In Myths about Neurofeedback (Part 1), we addressed five misconceptions about neurofeedback and what it does (or doesn't do). Here are five more common myths about neurofeedback.
Myth: Anyone can administer neurofeedback.
Fact: In order to achieve optimal results with neurofeedback, it's crucial that you work with a neurofeedback specialist who is properly educated and trained in administering neurofeedback. All of our neurofeedback specialists have advanced degrees in psychology and have spent thousands of hours working with clients in therapeutic settings. Neurofeedback specialists use their clinical judgment to develop comprehensive treatments plans, and their clinical judgment also enables them to make adjustments in frequency to maximize your comfort while training.
Myth: Neurofeedback can make symptoms worse.
Fact: Everyone trains at different frequencies, so what works for one person may not work for another person. Neurofeedback specialists will start training at the lowest frequency and increase the frequency as needed based on symptom tracking information provided by clients. If the frequency is too low, clients may experience a dull headache or feel groggy soon after a session. These symptoms disappear within 24 hours, and existing symptoms will not permanently worsen as a result of training at too low of a frequency. As long as there is open communication between clients and neurofeedback specialists, the right frequency can quickly be determined to maximize comfort while training.
Myth: Neurofeedback works the same way medications do.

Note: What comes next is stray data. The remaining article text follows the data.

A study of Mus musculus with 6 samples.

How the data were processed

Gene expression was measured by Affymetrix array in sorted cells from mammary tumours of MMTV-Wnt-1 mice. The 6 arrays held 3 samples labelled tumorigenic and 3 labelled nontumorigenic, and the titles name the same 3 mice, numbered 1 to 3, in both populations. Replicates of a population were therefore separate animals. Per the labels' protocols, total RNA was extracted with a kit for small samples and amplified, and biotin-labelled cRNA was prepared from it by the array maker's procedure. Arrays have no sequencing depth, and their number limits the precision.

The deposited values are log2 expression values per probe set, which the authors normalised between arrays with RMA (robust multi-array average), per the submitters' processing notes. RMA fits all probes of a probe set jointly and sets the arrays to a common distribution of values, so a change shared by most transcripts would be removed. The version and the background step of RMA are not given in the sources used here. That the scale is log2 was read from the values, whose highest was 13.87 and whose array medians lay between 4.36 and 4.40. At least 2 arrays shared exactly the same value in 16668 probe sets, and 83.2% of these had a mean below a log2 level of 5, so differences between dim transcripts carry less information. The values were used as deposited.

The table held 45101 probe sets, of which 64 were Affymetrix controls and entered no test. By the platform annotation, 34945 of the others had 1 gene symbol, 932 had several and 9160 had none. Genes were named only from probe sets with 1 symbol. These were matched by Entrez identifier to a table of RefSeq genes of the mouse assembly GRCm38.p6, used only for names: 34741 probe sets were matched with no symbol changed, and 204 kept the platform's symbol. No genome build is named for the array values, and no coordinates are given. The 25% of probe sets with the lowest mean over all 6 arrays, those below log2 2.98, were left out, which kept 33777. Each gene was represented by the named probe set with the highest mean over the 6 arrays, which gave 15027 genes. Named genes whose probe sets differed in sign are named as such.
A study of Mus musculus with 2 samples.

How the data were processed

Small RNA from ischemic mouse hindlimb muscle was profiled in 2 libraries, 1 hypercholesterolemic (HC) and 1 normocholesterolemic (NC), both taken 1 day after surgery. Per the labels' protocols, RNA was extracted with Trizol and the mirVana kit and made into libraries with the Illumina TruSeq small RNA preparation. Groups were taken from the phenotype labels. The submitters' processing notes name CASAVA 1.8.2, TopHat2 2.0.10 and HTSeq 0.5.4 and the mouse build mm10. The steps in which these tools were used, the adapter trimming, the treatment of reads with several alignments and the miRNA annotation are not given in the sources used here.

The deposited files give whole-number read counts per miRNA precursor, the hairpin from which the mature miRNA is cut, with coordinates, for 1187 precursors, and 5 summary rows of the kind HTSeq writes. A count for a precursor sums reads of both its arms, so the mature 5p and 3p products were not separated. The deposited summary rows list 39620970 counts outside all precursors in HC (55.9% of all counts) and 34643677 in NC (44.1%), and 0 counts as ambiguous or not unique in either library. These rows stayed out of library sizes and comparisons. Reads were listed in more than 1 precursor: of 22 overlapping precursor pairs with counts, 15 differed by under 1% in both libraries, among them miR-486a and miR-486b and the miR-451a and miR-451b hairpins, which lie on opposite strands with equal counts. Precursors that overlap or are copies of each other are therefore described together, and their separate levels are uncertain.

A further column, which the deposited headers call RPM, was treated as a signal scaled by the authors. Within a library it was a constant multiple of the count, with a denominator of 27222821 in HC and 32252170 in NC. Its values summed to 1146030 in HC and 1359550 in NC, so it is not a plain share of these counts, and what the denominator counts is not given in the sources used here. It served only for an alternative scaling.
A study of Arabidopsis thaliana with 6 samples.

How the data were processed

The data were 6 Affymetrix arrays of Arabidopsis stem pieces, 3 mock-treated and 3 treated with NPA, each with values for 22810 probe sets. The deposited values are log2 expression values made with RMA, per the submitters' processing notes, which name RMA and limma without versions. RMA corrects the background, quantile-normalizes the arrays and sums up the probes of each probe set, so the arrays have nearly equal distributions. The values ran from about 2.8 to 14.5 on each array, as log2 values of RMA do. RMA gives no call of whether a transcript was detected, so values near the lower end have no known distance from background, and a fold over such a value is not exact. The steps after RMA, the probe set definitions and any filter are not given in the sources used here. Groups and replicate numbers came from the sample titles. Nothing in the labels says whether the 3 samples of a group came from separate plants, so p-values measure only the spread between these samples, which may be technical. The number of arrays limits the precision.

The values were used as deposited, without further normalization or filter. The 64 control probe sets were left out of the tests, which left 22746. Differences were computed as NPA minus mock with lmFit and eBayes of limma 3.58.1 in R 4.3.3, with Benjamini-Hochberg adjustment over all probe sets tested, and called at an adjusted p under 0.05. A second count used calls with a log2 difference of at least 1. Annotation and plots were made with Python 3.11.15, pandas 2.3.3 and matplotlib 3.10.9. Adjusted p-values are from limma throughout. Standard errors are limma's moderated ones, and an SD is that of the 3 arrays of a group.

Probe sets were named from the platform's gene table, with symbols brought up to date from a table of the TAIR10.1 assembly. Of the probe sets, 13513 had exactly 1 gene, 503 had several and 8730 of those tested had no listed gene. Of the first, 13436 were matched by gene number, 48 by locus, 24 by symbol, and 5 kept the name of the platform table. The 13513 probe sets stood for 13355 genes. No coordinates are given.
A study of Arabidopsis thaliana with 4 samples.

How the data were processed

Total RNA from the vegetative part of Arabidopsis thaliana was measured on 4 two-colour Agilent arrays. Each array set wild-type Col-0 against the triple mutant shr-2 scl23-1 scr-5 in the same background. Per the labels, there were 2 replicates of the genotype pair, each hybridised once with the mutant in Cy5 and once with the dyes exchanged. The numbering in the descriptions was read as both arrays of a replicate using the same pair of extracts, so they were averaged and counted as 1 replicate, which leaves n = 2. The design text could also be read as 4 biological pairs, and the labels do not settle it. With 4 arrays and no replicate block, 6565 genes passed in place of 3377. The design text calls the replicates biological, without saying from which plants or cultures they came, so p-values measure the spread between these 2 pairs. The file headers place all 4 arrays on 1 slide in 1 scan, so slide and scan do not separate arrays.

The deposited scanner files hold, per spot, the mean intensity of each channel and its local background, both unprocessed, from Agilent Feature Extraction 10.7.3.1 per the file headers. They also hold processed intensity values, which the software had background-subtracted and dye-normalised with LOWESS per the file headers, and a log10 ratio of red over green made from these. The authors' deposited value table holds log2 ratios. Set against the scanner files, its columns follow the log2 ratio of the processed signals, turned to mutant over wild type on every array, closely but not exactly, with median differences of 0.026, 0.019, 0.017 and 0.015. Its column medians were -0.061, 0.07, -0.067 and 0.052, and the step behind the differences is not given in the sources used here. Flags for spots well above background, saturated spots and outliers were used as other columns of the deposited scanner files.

Fact: Medications use various mechanisms to force your brain to work differently, whereas neurofeedback gradually trains your brain to work differently by utilizing operant conditioning. When your brain functions within an optimal range, it is rewarded with more engaging visual, auditory, and tactile feedback. For example, with our popular jet ski game, the jet ski will go faster, the jet ski rider will perform more tricks, and the music's volume will increase. When your brain does not function within an optimal range, it is not rewarded. The jet ski will continue to move slowly, the rider will not perform tricks, and the volume will remain low. Instead of forcing the brain to work differently, neurofeedback will encourage the brain to try other approaches in order to optimize performance, which in turn reduces physiological and emotional symptoms over time.
Myth: Since neurofeedback is treated as "experimental" or "investigational" by insurance companies, there must not be any research to support it.
Fact: As mentioned in Myths about Neurofeedback (Part 1), not all insurance companies are up-to-date on the latest neurofeedback research. As a result, some insurance companies will deny reimbursement for neurofeedback sessions depending on the diagnosis provided. Whenever possible, we submit appeals to insurance companies and educate them on the overwhelming amount of evidence indicating the effectiveness of neurofeedback! Our resources page contains links to many informative handouts, books, and research articles on neurofeedback and its use in treating dozens of physiological and emotional symptoms.
Myth: Once neurofeedback sessions end, the improvements in symptoms don't last.
Fact: The brain is incredibly powerful and capable of learning new ways of functioning. Once the brain has had ample time to practice a new way of functioning, it will remember what it needs to do once neurofeedback sessions end. To use a well-known proverb, "give a man a fish and you feed him for a day; teach a man to fish and you feed him for a lifetime." When medication is used to reduce symptoms, the underlying cause of the symptoms is just concealed, not resolved. This means that when medication is discontinued, the symptoms manifest once again. With neurofeedback, the brain is taught how to self-regulate, which can be sustained indefinitely. In some cases, people will experience traumatic events later on in life that dysregulate the brain. A small number of follow-up neurofeedback sessions can quickly direct the brain to self-regulate itself once again.